Yes, it really has been 20 years.
It was in 1996 that writer Kevin Williamson, director Wes Craven, and a cast of young stars made horror movie history with Scream, a meta slasher film that deconstructed the genre and, in many ways, changed the whole damn game. Scream is one of the most iconic and fondly remembered horror films of all time, but like all classic movies, it has the humblest of origin stories.
Speaking with Consequences of Sound in celebration of Scream‘s 20th anniversary, Matthew Lillard recalls that he thought very little of the movie at the time it was being made.
He told the site:
It was a tiny, little horror movie that’s gonna mean nothing. That was my mindset. This is not a big moment. This is not an important film. This is not anything special. I remember being on set and watching Wes pull these masks out of boxes because they didn’t have a mask for the movie. The movie had already started shooting, and they were scrambling to find a fucking mask.
Courtney Cox was a celebrity, but not a box office draw. Nobody had ever heard of Skeet [Ulrich], and Neve [Campbell] was that girl from Party of Five. [But] that lends itself to the success of the film. Nobody expected it. There was no thumb on it. There was nobody testing it 12 times. There’s not a battery of people rewriting the ending or executives who went to Harvard telling us how to write and do a movie. It was Wes Craven, who had done it his whole life, making the best movie he could.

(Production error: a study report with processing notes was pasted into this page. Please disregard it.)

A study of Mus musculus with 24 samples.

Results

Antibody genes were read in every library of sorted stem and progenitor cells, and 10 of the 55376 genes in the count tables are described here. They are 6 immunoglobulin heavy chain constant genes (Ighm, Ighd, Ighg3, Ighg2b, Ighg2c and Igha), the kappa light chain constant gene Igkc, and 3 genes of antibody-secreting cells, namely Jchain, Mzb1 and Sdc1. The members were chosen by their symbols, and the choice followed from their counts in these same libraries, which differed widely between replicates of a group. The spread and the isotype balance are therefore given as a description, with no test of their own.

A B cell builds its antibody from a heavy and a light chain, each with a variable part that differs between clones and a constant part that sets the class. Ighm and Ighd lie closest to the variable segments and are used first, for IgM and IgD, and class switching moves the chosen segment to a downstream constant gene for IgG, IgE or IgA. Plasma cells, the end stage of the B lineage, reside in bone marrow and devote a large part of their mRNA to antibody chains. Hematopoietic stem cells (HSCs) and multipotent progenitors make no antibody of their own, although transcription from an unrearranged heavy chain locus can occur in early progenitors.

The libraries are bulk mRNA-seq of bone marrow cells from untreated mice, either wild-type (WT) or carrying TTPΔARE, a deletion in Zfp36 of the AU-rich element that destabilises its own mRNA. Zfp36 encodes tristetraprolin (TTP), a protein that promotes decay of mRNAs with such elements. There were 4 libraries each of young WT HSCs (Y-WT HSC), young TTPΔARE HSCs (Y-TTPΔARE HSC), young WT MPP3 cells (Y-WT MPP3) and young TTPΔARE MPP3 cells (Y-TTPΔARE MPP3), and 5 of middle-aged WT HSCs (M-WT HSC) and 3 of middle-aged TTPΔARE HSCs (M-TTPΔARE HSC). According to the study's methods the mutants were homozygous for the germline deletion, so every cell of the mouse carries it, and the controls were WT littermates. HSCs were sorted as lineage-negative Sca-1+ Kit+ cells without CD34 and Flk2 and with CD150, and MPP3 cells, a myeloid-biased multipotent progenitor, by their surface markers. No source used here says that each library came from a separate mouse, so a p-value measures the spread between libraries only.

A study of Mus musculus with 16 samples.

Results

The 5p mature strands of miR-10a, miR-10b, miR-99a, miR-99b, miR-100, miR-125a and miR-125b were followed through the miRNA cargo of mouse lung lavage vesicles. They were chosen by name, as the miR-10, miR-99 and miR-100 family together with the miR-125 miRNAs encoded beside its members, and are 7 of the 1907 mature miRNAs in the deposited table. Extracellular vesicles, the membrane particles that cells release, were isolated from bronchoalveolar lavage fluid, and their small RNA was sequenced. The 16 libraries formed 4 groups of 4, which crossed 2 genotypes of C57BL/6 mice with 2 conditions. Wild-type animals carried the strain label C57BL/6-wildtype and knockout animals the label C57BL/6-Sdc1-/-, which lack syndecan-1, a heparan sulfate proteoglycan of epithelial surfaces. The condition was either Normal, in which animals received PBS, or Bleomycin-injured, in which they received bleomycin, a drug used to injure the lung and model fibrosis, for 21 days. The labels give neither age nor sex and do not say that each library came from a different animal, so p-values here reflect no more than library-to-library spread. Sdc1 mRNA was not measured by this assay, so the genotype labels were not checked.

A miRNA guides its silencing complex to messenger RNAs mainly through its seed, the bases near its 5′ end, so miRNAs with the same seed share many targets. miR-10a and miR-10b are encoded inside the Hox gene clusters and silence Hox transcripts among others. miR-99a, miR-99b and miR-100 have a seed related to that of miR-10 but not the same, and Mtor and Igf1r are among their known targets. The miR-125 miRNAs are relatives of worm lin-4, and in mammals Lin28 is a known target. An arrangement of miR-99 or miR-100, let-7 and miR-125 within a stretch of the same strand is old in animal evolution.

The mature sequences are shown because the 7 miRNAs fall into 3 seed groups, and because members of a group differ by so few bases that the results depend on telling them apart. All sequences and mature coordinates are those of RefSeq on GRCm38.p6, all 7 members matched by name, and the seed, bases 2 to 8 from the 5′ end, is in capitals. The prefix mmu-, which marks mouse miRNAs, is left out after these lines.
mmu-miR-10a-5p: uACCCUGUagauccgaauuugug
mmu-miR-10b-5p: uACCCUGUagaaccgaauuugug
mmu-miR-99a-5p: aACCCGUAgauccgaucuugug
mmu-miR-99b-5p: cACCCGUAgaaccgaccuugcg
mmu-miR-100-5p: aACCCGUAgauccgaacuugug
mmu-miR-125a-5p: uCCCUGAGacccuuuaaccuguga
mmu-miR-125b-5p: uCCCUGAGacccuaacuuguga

Lillard, who of course played the villainous Stu Macher in the film, recalled that studios at the time were making a conscious effort to not date their movies to that specific period of time, but Scream dared to do quite the opposite. And that’s what made it so special.
Right before Scream, there was a real push to make movies ‘evergreen,’ meaning don’t date them and stay away from popular references so that if I turn it on in 20 years, I could think it was today. One of the things that [screenwriter] Kevin [Williamson] did was to throw out this idea of ‘let it be forevermore,’ and let’s fucking tag it for right now and lean into the moment of right now.
Even today, Lillard seems fairly unsure why Scream has become so beloved, and he doesn’t even think all that highly of the film. During the interview he calls it “rather pedestrian” aside from the great opening sequence and the final act, and chalks the enduring love up to nostalgia.
“I have no idea why Scream is such a big deal,” he admits.